Thales Blog

California Attorney General: Your Data Is Not Safe

July 9, 2013

Data SecurityLast week, I read in the San Jose Mercury News that California Attorney General Kamala Harris released a report detailing the number of Californians who had sensitive data exposed — including information such as Social Security numbers, bank account information and other personal information — in more than 100 separate data breaches. The number of individuals who were exposed by these breaches? A startlingly high 2.5 million.

As a member of the information security industry, I have a clear vantage point into the seriousness of these attacks. All too often, those of us in this field find ourselves extolling the need for better data protection only to see our recommendations falling on deaf ears. For these reasons, it is encouraging to see the government in general, and California state Attorney General in particular, take this issue so seriously and issue such a loud wake up call.

At a time when free-flowing information through social media and Big Data analytics is considered a huge benefit for organizations, it's also important to be cognizant of potential threats posed to both individuals and organizations. The recently released Verizon “Data Breach Investigation Report” (DBIR) highlights the importance of secure data. With the volume and sophistication of cyberattacks on the rise, perhaps the single most important takeaway is that many of the attacks are “financially motivated cybercrime” and opportunistic in nature.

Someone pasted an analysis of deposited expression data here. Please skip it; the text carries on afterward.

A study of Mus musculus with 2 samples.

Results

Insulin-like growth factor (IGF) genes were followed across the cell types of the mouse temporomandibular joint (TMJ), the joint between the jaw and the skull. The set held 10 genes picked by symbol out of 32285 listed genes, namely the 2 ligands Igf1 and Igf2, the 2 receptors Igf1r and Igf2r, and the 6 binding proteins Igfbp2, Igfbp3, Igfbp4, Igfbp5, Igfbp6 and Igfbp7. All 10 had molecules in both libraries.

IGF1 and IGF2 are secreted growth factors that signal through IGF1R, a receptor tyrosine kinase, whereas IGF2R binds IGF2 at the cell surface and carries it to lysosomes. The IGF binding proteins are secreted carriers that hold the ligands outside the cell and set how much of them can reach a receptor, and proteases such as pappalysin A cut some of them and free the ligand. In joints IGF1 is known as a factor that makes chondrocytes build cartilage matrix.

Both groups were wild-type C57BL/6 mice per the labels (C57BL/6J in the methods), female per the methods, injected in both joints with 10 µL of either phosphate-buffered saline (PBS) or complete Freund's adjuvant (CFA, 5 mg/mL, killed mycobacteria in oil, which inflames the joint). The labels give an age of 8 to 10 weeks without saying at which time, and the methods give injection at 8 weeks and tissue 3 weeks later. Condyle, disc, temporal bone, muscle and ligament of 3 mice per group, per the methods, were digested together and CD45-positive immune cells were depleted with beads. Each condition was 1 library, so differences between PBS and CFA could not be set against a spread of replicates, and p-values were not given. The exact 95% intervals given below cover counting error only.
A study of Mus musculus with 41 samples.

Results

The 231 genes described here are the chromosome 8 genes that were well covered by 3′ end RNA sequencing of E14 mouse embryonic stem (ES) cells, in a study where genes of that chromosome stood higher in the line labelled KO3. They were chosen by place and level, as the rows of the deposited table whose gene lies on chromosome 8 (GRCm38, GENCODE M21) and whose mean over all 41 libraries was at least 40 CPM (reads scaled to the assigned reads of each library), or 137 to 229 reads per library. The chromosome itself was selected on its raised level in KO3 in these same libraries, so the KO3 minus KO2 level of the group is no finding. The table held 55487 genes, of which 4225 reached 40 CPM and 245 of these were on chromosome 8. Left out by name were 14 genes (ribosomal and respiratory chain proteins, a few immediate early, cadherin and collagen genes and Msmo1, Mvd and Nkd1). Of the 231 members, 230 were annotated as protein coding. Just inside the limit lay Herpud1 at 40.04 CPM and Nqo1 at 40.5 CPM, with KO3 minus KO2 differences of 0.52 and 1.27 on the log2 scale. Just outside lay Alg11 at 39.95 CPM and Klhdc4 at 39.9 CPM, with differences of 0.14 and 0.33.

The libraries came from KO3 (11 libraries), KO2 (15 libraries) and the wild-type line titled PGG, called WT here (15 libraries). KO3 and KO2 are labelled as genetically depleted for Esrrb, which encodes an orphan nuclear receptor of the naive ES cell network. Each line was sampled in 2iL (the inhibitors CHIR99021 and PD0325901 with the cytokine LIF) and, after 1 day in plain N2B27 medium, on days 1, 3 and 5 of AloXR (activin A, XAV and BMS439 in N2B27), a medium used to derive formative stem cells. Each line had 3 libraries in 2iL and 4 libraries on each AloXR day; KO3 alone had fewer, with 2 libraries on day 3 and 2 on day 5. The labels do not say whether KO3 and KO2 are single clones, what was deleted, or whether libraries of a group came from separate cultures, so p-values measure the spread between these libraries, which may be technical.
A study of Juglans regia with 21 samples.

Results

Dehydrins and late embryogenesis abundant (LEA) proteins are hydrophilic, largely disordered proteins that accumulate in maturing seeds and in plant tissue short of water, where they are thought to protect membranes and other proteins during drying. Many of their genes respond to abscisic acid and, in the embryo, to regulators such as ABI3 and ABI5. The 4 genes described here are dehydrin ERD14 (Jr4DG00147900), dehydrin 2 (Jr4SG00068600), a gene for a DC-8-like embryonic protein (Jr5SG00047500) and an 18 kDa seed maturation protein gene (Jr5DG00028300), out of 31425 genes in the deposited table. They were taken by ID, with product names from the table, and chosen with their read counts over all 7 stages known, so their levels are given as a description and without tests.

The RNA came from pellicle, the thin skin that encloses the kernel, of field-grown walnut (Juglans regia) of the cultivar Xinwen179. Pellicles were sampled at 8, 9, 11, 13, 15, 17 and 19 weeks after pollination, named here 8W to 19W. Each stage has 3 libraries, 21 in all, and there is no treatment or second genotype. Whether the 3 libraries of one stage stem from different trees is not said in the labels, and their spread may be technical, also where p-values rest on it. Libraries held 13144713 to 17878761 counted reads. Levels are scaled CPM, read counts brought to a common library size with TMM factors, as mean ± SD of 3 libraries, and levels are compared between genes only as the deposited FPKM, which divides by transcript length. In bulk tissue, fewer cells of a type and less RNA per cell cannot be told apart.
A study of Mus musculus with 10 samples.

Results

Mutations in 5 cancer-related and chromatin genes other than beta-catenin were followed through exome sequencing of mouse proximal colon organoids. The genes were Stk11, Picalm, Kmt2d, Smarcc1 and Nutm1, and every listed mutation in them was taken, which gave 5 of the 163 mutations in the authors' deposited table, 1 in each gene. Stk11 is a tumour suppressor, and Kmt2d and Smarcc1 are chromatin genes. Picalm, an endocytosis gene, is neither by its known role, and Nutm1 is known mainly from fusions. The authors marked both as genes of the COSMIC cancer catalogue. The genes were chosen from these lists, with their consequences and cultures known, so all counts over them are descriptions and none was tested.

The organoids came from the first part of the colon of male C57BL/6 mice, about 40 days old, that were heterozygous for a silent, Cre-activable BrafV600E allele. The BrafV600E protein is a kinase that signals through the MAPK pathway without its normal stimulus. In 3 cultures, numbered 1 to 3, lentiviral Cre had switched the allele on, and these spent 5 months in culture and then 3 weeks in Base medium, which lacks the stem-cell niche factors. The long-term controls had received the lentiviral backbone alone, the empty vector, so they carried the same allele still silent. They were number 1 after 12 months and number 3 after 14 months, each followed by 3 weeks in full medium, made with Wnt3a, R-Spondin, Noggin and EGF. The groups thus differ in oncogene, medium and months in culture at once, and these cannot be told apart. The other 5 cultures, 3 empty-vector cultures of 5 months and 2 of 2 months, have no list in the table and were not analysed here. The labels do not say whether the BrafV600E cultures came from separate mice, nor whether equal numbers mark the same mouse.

This tells us one thing: Kamala Harris is right. If organizations are not willing to take the necessary measures to protect information, they shouldn't be storing it. Solutions exist to do this today. In reality, the need that exists is not a technology need, but one of education and resource investment. Organizations of all sizes must invest resources to protect what matters: their sensitive data. If they don't, the negative impact on their brands may prove catastrophic because once you've lost a customer's trust, it is exceedingly difficult to regain it. With literally millions of Californians exposed by these data breaches, chances are that many have yet to experience the aftermath of having personal information, like their social security numbers, stolen. It is quite possible that the downstream effects will be much larger than anyone is anticipating.